Furbyshire History, Family Crest & Coats of Arms
Early Origins of the Furbyshire family
The surname Furbyshire was first found in Shropshire where the "surname is derived from an occupation. 'the furber' or 'furbisher.' A furbisher or scourer of armour and metals generally, found also as' furbearer.' Frobisher is the most prominent modern form of the surname." 
"French fourhisseur, an artizan who polishes and mounts swords; a sword cutler." 
The first record of the family was found in Leicestershire where Geoffrey le Furbisur held estates c. 1260. A few years later, Henry le Fourbissor was listed in Shropshire in 1306 and later, Richard Forbour, Forbysschour was listed in Colchester, Essex 1359-60. 
The famed navigator Sir Martin Frobisher (1535?-1594), belonged to a family of Welsh origin, which moved from Chirk in Denbighshire. 
Early History of the Furbyshire family
This web page shows only a small excerpt of our Furbyshire research. Another 101 words (7 lines of text) covering the years 1379, 1588, 1535, 1594, 1576, 1577, 1578, 1588, 1674 and 1756 are included under the topic Early Furbyshire History in all our PDF Extended History products and printed products wherever possible.
Furbyshire Spelling Variations
Sound was what guided spelling in the essentially pre-literate Middle Ages, so one person's name was often recorded under several variations during a single lifetime. Also, before the advent of the printing press and the first dictionaries, the English language was not standardized. Therefore, spelling variations were common, even among the names of the most literate people. Known variations of the Furbyshire family name include Furbisher, Frobisher, Frobishar, Frobyfar, Furbusher, Frobysher, Frobishire, Furbishire, Furbyshire, Furbisher, Furbishaw, Furber, Frobishaw, Ferbishaw, Forber and many more.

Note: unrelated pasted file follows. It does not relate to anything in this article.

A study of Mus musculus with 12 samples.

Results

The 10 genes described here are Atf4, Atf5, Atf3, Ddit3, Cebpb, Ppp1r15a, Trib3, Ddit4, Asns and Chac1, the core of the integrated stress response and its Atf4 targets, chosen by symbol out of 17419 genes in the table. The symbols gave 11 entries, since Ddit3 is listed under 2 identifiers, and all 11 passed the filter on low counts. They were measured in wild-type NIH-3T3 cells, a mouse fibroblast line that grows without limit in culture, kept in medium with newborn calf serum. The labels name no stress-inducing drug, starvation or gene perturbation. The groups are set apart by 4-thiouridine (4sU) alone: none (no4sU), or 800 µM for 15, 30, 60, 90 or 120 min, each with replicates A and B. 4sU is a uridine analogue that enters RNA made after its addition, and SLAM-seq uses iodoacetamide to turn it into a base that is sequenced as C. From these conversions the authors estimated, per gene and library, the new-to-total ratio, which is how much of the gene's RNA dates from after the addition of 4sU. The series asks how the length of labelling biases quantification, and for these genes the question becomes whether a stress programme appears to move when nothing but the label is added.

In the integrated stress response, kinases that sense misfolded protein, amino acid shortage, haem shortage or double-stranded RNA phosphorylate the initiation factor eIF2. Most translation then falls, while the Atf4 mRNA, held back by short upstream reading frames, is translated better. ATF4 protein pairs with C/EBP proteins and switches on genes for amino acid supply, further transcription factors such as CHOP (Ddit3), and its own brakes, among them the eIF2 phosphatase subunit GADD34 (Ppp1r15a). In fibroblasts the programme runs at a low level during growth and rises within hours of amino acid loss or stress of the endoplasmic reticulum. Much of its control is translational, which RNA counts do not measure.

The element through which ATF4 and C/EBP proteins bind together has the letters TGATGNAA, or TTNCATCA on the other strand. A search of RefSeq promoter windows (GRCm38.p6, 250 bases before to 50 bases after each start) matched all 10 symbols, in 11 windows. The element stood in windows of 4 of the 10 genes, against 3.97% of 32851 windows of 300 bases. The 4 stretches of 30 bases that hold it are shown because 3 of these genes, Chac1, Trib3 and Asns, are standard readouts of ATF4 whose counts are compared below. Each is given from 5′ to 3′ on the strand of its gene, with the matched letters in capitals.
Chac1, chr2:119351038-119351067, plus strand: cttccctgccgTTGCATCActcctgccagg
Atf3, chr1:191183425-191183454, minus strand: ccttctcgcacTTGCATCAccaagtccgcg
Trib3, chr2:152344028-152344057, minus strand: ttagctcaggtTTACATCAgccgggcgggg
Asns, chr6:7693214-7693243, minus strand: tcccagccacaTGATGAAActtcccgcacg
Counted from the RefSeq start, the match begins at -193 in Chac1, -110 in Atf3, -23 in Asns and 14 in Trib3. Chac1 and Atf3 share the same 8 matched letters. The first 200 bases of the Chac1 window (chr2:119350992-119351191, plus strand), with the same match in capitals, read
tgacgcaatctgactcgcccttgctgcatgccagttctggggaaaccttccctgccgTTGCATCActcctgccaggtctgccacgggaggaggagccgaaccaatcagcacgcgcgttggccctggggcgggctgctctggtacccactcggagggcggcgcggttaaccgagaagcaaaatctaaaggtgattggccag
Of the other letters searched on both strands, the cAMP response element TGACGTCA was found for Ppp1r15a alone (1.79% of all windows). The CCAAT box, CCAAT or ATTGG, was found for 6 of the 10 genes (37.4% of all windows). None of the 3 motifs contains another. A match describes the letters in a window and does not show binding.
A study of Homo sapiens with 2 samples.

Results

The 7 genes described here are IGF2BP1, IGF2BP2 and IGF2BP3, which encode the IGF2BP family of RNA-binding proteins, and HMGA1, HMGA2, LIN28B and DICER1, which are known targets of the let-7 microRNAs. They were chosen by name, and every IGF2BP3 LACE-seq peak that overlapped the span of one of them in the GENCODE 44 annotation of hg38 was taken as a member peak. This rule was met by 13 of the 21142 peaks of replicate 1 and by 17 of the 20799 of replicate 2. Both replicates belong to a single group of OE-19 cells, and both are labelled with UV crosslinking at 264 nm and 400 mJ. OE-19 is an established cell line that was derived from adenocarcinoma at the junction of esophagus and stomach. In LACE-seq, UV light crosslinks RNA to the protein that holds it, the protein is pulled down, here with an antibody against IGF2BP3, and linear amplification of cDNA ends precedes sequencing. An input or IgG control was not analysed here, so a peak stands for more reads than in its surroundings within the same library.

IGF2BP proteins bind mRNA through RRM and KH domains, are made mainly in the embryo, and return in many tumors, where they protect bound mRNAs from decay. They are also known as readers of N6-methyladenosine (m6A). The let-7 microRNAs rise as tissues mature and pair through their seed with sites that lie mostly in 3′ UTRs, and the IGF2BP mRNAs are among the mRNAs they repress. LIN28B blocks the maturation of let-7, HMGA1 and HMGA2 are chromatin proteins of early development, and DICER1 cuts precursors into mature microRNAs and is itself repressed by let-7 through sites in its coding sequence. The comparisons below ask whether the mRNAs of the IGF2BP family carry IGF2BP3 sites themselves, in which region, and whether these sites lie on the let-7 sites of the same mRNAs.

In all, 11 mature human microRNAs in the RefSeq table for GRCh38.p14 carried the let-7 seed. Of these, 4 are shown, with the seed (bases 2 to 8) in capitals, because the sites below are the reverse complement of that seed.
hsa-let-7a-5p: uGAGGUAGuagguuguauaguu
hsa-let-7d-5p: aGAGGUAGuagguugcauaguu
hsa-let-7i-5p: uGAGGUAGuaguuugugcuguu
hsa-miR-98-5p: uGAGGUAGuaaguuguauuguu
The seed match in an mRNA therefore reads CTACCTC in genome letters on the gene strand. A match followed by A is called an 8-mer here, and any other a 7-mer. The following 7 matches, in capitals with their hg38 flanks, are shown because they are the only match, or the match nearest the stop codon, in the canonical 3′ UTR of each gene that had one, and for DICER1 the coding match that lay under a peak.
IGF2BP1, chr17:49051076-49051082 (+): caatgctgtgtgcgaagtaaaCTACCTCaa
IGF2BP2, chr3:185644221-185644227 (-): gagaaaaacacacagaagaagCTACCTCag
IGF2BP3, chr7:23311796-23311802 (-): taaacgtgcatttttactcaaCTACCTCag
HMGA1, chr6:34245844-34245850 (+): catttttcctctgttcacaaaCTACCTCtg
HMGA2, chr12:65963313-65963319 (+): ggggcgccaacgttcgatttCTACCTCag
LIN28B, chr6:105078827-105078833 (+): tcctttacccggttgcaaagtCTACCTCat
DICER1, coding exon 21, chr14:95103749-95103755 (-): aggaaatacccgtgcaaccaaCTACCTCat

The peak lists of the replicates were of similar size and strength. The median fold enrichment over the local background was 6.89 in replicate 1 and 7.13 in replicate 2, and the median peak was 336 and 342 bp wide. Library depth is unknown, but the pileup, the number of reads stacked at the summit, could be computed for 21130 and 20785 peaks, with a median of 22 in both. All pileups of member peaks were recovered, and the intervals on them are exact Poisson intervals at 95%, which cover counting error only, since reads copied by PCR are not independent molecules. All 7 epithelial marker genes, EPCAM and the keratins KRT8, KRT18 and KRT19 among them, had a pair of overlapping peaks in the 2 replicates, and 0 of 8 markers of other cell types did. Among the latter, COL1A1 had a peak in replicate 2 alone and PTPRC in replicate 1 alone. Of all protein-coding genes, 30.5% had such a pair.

Early Notables of the Furbyshire family (pre 1700)
Distinguished members of the family include Sir Martin Frobisher (c. 1535-1594), English seaman and privateer who made three voyages to the Canadian Arctic (1576, 1577, and 1578) in search of the Northwest Passage. All landed in northeastern Canada, around today's Resolution Island and Frobisher Bay...
Migration of the Furbyshire family
For political, religious, and economic reasons, thousands of English families boarded ships for Ireland, Canada, the America colonies, and many of smaller tropical colonies in the hope of finding better lives abroad. Although the passage on the cramped, dank ships caused many to arrive in the New World diseased and starving, those families that survived the trip often went on to make valuable contributions to those new societies to which they arrived. Early immigrants bearing the Furbyshire surname or a spelling variation of the name include: settlers, who arrived along the eastern seaboard, from Newfoundland, to Maine, to Virginia, the Carolinas, and to the islands.